Differences in Eye Health, Access to Eye Care Specialists and Use of Lenses among Immigrant and Native-Born Workers in Spain

1
Public Health Research Group, University of Alicante, 03690 San Vicente del Raspeig, Alicante, Spain
2
Department of Optics, Pharmacology and Anatomy, University of Alicante, 03690 San Vicente del Raspeig, Alicante, Spain
3
School of Public Health, Curtin University, Bentley 6102, Perth, Australia
4
Department of Statistics, Technical University of Catalonia, 08028 Barcelona, Spain
5
Area of Healthcare and Economic Benefit, MC Mutual, 08029 Barcelona, Spain
6
CIBERESP, 28029 Madrid, Spain
*
Author to whom correspondence should be addressed.
Int. J. Environ. Res. Public Health 2019, 16(7), 1288; https://doi.org/10.3390/ijerph16071288
Received: 14 March 2019 / Revised: 4 April 2019 / Accepted: 6 April 2019 / Published: 10 April 2019
(This article belongs to the Special Issue Migration, Work and Health)
Latin American immigrants make up 49% of the total immigrant population in Spain, yet little is known about their eye health. The aim of this study is to determine if there are differences in self-perceived eye health, access to eye care specialists, and use of lenses between a sample of Latin American immigrant workers from Colombia and Ecuador, and native-born workers in Spain. We used data from the PELFI cohort (Project for Longitudinal Studies of Immigrant Families). The sample consisted of 179 immigrant workers born in Colombia or Ecuador, and 83 Spanish-born workers. The outcome variables were self-perceived eye health, access to eye specialists, and use of lenses. A descriptive analysis of the sample was carried out, and the prevalence of the three outcome variables in immigrants and natives was calculated and adjusted for explanatory variables. Random effects logistic regression models examined eye health outcomes by workers’ country of birth. Immigrants are less likely to report poor self-perceived eye health than native-born (ORc 0.46; CI 95%, 0.22–0.96). Furthermore, they have less access to specialists (ORc 2.61; CI 95%, 1.32–5.15) and a higher probability of needing lenses but not having them (ORc 14.14; CI 95%, 1.77–112.69). This latter variable remained statistically significant after adjusting for covariates (ORa 34.05; CI 95%, 1.59–729.04). Latin American immigrants may not value the use of lenses, despite eye care specialists indicating that they need them. Eye health education is required to recognize the importance of using lenses according to their visual needs. View Full-Text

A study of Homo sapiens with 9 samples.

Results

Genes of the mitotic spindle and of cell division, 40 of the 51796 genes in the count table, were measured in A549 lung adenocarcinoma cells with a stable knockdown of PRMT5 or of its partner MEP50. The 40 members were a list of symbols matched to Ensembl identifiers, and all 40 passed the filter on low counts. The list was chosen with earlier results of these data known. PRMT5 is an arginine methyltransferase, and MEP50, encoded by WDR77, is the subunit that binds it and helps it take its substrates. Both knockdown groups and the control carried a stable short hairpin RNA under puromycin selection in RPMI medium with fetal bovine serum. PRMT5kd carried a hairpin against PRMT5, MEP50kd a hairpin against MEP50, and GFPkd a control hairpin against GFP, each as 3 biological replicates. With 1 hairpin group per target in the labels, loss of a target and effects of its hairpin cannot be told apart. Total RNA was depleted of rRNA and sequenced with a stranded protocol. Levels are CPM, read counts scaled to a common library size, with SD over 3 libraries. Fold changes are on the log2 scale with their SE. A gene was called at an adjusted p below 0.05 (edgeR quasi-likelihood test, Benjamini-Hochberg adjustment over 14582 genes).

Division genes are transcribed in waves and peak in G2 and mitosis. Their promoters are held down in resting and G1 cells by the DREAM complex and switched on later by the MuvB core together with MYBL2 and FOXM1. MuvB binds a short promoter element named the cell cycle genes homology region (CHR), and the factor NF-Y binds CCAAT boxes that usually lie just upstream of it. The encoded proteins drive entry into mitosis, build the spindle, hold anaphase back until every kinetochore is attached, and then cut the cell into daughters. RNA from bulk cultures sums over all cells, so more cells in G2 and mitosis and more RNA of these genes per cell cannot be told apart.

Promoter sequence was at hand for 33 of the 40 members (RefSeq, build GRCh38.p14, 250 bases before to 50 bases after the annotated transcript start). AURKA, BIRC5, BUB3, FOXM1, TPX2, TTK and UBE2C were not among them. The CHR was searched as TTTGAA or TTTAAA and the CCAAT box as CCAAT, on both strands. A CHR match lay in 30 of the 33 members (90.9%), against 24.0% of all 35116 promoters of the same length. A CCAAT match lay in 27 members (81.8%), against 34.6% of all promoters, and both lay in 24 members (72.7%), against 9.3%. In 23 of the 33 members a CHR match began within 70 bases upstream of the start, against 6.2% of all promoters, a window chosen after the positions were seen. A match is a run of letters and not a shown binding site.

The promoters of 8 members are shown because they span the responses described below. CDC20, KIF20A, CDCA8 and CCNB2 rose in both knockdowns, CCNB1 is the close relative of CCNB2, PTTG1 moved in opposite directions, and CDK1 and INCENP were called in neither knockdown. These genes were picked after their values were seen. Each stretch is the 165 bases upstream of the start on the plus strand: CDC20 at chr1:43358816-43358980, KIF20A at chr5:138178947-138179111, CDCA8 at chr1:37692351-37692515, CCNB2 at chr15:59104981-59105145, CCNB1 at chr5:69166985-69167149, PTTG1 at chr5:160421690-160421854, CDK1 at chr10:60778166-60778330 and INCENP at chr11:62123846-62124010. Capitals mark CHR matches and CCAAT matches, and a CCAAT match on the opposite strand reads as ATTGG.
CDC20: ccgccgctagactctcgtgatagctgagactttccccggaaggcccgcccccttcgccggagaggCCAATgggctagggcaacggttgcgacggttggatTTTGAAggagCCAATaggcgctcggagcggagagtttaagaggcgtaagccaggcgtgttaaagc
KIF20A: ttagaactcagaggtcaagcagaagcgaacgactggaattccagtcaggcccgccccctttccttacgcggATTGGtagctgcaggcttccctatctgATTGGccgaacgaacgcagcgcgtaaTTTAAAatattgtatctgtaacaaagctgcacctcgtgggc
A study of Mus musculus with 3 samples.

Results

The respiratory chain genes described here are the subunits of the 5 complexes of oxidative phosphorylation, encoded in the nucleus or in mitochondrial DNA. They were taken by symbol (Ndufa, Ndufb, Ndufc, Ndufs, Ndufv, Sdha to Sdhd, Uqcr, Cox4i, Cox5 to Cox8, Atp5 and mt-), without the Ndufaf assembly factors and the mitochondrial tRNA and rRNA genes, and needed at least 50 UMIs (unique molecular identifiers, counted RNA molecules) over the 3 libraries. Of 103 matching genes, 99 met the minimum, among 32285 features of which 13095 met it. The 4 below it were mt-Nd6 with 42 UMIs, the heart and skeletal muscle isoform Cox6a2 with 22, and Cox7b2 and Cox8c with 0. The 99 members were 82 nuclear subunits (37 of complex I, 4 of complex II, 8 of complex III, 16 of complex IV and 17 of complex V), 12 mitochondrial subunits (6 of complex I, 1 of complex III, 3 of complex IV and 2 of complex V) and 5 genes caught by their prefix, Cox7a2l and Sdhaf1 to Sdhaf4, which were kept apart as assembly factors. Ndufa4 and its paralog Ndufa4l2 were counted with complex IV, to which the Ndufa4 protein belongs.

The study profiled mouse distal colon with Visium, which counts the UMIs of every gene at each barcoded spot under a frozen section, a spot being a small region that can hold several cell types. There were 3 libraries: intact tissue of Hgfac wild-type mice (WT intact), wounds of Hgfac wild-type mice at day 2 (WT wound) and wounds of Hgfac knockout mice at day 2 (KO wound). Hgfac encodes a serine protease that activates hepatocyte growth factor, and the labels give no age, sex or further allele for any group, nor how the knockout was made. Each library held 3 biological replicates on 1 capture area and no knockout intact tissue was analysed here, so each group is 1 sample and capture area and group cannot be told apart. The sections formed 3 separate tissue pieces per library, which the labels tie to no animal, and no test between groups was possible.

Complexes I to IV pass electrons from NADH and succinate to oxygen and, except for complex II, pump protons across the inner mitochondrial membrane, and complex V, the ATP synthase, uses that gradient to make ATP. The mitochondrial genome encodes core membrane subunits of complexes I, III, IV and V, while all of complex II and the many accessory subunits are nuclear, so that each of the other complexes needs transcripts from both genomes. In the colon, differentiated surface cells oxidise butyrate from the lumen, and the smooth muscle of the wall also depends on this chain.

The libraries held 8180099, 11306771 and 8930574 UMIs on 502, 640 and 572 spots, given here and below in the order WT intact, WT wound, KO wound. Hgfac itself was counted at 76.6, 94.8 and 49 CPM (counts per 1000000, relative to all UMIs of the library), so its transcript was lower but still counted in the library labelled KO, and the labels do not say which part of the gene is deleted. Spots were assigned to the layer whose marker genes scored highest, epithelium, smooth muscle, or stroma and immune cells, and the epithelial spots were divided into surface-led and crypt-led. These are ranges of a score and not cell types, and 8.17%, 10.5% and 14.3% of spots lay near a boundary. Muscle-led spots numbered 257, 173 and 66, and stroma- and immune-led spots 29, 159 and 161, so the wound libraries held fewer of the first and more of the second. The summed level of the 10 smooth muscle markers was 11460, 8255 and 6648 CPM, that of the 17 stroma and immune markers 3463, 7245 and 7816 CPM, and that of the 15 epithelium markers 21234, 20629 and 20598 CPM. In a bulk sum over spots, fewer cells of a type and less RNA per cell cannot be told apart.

Keywords: self-perceived eye health; immigrants; Latin Americans; access to eye care specialists; lenses; glasses; Spain self-perceived eye health; immigrants; Latin Americans; access to eye care specialists; lenses; glasses; Spain
MDPI and ACS Style

Seguí-Crespo, M.; Cantó-Sancho, N.; Reid, A.; Martínez, J.M.; Ronda-Pérez, E. Differences in Eye Health, Access to Eye Care Specialists and Use of Lenses among Immigrant and Native-Born Workers in Spain. Int. J. Environ. Res. Public Health 2019, 16, 1288.